The court ruled the Northern Ireland Human Rights Commission (NIHRC) had no legal standing to bring a challenge to the abortion law, saying it could only have been brought by a woman impacted by the abortion ban.
Together For Yes co-founder Ailbhe Smyth said she welcomed the ruling because the majority of the judges involved in the case said Northern Ireland's laws were "incompatible" with human rights.
The Court was deciding specifically whether this should be abolished in cases of rape, incest and fatal foetal abnormality.
Unlike in other parts of the United Kingdom which are covered by the 1967 Abortion Act, a termination in Northern Ireland is only permitted if a women's life, or permanent mental or physical health is at risk.
"The commission had argued the law criminalizes vulnerable women and girls and subjects them to inhumane and degrading treatment in violation of the European Convention on Human Rights", NPR's Debbie Elliott reports.
"I am relieved to hear the highest court in the land has recognised that Northern Ireland is in breach of human rights for people who find themselves with fatal foetal abnormality and have said that the law needs to be changed, so we will keep going until we get that change", she added.
Last month, when Ireland voted in a landslide referendum to overturn its abortion ban, Prime Minister Leo Varadkar called it the "culmination of a quiet revolution".
May has insisted that abortion is a devolved issue and should be dealt with in Stormont.
"We acknowledge that this is a technical victory; however, it is important to note that the Supreme Court has dismissed the case brought by the Human Rights Commission. What now will happen is that we have issued proceedings in today in Belfast in Sarah's name to have that formal declaration made and our work will continue at Westminster to ensure that long overdue legislative change happens", she said. But Justice Brian F Kerr said that they "must be worthy of close consideration by those in whose power it lies to decide whether the law should be altered".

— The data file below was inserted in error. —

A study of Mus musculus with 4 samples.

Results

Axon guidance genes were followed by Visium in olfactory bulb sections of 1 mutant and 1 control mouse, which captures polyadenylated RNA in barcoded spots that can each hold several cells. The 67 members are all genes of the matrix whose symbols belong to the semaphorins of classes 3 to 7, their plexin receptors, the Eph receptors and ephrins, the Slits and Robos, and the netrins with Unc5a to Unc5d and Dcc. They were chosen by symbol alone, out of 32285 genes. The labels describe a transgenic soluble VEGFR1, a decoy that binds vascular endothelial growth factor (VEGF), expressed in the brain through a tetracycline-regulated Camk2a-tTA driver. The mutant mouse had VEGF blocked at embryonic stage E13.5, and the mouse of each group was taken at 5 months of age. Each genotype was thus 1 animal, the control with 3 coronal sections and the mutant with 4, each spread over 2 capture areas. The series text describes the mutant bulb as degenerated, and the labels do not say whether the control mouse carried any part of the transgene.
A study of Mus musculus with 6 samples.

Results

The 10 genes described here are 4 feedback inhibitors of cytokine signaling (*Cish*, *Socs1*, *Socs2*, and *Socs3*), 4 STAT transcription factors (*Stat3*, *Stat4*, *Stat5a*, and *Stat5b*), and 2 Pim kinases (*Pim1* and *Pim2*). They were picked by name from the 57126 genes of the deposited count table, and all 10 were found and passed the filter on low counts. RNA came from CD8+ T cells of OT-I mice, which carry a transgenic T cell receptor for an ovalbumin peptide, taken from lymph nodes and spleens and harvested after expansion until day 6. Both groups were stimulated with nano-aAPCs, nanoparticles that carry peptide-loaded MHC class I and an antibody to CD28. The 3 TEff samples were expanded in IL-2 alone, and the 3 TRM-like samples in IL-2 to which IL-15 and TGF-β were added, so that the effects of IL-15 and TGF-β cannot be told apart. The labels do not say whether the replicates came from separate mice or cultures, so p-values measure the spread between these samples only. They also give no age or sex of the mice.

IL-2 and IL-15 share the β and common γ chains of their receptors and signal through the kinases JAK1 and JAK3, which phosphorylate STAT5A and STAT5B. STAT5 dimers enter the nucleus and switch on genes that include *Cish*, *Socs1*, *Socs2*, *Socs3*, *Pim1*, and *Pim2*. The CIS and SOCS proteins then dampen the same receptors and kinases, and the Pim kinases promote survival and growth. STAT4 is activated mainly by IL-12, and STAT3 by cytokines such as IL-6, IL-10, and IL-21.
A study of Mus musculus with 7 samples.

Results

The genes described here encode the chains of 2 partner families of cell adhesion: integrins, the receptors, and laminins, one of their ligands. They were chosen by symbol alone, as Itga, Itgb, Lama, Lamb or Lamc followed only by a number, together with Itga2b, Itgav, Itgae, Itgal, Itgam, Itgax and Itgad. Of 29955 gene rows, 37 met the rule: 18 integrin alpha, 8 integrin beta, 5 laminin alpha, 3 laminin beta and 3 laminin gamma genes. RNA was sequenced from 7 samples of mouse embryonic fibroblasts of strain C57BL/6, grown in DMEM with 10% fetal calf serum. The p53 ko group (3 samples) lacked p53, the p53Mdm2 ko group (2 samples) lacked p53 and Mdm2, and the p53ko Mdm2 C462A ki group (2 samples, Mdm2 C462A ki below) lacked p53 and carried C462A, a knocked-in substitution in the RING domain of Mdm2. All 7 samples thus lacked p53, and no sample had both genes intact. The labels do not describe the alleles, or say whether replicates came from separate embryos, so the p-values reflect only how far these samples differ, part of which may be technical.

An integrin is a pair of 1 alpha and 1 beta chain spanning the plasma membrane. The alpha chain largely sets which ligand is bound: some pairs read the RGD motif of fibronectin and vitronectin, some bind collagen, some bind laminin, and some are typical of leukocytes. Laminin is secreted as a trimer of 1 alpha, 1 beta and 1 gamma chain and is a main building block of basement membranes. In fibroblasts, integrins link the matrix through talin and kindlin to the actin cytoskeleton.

When Ireland replaces the constitutional ban with more liberal legislation after a debate in parliament, Northern Ireland will be the only remaining region in Britain and Ireland to outlaw the procedure. In doing so, it has made clear that there is no human right to abortion.
Caroline Simons, legal consultant to LoveBoth, said: "We do not believe however that there is any obligation on the Government to legislate for unrestricted abortion in the first 12 weeks of pregnancy. Change on this is needed and needed now", said Breedagh Hughes, Royal College of Midwives Director for Northern Ireland. "I hope this ruling means that things will change so no more women have to go through what I, and so many others, already have". Following her death, people took to streets to call for immediate reforms in the country's abortion laws.
"When examined closely, providing abortion on such grounds would fly in the face of the Taoiseach's commitment that any new law would be restrictive and that abortion would be rare".